College football must become less business oriented and start to do more to help student athletes, enshrinees to the College Football Hall of Fame said Saturday.
The enshrinees criticized everything from the financial help student athletes receive to the way college football has become commercialized.
John Hannah, who played at Alabama from 1970-72 and was chosen the best lineman of all time by Sports Illustrated in 1981, started the discussion when he said football in general was becoming too commercial.
"I love the game," he said. "One of the things I hate about today, and I'm going to use this as a bully pulpit, is the fact that it is now run by businessmen who have taken the game away from us. To see people commercialize it to the point where they take the passion away from the game is demoralizing."
Bill Kilmer, a single-wing tailback at UCLA who led the nation in total offense in 1960, was more direct, saying: "I think the NCAA has had a lot to do with the problems of college football today."
Kilmer, who took the Washington Redskins to the Super Bowl, said NCAA rules prevent coaches and colleges from helping players in need.
"When a coach goes and recruits in a little town in Georgia or wherever, he sees the way these kids live," he said. "And then their mother gets sick or something happens and they can't give them enough money to get home on on a plane trip or a bus ride, and when he does, the NCAA puts him on a two- or three-year ban. I think it's horrible."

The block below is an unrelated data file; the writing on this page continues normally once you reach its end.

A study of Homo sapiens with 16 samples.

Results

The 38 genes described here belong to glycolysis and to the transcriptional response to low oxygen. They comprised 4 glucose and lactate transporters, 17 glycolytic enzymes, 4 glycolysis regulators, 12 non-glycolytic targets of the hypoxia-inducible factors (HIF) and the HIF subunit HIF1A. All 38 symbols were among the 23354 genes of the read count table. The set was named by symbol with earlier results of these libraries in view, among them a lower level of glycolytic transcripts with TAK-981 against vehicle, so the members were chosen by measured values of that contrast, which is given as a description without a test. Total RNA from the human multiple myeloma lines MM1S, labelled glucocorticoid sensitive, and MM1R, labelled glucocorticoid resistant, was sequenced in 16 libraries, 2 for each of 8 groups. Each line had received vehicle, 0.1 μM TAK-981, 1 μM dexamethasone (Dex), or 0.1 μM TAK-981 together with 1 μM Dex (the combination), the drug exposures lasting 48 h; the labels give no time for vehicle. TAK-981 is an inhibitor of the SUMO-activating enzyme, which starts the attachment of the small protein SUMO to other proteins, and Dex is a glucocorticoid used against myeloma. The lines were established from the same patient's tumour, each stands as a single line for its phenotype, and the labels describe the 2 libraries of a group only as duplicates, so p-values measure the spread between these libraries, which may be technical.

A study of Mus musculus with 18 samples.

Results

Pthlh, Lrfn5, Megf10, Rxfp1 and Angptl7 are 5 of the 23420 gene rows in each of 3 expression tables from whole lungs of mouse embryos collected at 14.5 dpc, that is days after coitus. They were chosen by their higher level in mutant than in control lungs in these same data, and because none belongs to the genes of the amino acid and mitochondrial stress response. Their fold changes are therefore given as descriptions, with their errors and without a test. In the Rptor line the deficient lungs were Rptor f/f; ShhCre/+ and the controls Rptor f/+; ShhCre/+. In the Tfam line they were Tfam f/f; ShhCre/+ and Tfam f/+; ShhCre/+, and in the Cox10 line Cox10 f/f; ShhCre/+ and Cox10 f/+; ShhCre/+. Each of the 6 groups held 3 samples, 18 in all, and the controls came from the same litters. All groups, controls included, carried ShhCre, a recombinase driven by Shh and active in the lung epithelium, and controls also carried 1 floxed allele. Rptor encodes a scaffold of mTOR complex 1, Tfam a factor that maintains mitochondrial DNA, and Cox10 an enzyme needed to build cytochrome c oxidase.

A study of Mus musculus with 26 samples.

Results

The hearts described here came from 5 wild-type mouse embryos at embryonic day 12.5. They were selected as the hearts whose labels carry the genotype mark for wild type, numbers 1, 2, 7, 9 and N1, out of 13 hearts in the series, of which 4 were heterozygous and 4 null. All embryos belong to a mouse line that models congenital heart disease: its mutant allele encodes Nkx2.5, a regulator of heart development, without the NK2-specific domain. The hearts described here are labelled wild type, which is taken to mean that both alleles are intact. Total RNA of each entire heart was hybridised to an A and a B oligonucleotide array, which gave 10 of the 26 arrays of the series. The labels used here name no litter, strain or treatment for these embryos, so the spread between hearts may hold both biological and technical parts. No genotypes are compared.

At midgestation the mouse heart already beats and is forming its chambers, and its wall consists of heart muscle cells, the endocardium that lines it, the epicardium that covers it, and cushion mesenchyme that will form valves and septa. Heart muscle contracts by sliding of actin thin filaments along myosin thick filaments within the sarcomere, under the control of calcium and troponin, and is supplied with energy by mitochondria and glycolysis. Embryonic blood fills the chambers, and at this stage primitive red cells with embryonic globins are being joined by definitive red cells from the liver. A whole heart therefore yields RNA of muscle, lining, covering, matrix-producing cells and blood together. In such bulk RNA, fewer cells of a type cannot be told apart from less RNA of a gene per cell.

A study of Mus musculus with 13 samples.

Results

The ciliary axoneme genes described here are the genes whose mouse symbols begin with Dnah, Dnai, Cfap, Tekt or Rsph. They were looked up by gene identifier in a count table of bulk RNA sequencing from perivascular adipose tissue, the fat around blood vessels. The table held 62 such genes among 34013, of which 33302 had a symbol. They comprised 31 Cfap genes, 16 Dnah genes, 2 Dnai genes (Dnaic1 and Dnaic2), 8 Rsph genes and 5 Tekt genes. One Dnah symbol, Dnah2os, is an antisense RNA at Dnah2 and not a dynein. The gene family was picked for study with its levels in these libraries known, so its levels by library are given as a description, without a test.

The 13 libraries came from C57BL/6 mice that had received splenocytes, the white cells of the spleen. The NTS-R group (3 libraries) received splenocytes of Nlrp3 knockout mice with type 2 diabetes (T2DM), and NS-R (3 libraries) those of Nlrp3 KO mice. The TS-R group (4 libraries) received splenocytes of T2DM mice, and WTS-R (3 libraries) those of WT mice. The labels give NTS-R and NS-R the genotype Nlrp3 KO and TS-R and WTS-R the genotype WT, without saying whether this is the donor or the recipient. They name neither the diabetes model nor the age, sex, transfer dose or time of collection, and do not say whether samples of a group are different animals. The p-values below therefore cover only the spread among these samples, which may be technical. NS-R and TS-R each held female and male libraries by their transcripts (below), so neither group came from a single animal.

With the millions of dollars the NCAA takes in on bowl games and television contracts, it should give some of it to football players, Kilmer said.
Herschel Walker, the Heisman Trophy winner in 1982, criticized the NFL for taking too many underclassmen in the draft, even though he left school after his junior season to play in the USFL.
Walker said he's talked to Gene Upshaw, executive director of the NFL Players Association, about forcing NFL teams to pay for the tuition of underclassmen they select in the draft who don't make the team.
"You can't take an education away from a young man and put him on the street with no money," he said. "We should make the team responsible for sending him back to college."
The players spoke at a news conference Saturday where those who did not give speeches during Friday night's enshrinement dinner were allowed to speak. Among the 22 players enshrined were California's Ed White, Iowa's Chuck Long, Arkansas' Chuck Dicus and Texas' Chris Gilbert.
One of the most moving speeches was by Frank Loria Jr. on behalf of his father, who was killed along with the entire Marshall football team when their plane crashed in November 1970.
"That plane crash is an important part of college football history," said Loria, 29, who was born 1 1/2 months after the crash. "Those who were on it must not be forgotten, not so much for the sadness and grief the memory can bring, but because in that sadness there is hope. I think we can and should all look at our own lives and realize that although life can be short some times, we do have a lot to be thankful for."
Loria, the offensive coordinator at Marshall, was a defensive back at Virginia Tech from 1965-67, playing on the team with current Hokies coach Frank Beamer. Beamer said in a telephone interview that although small, Loria was an extremely hard hitter.
"When he hit people it was like a karate chop," he said. "He just stung them and they just stopped dead in their tracks."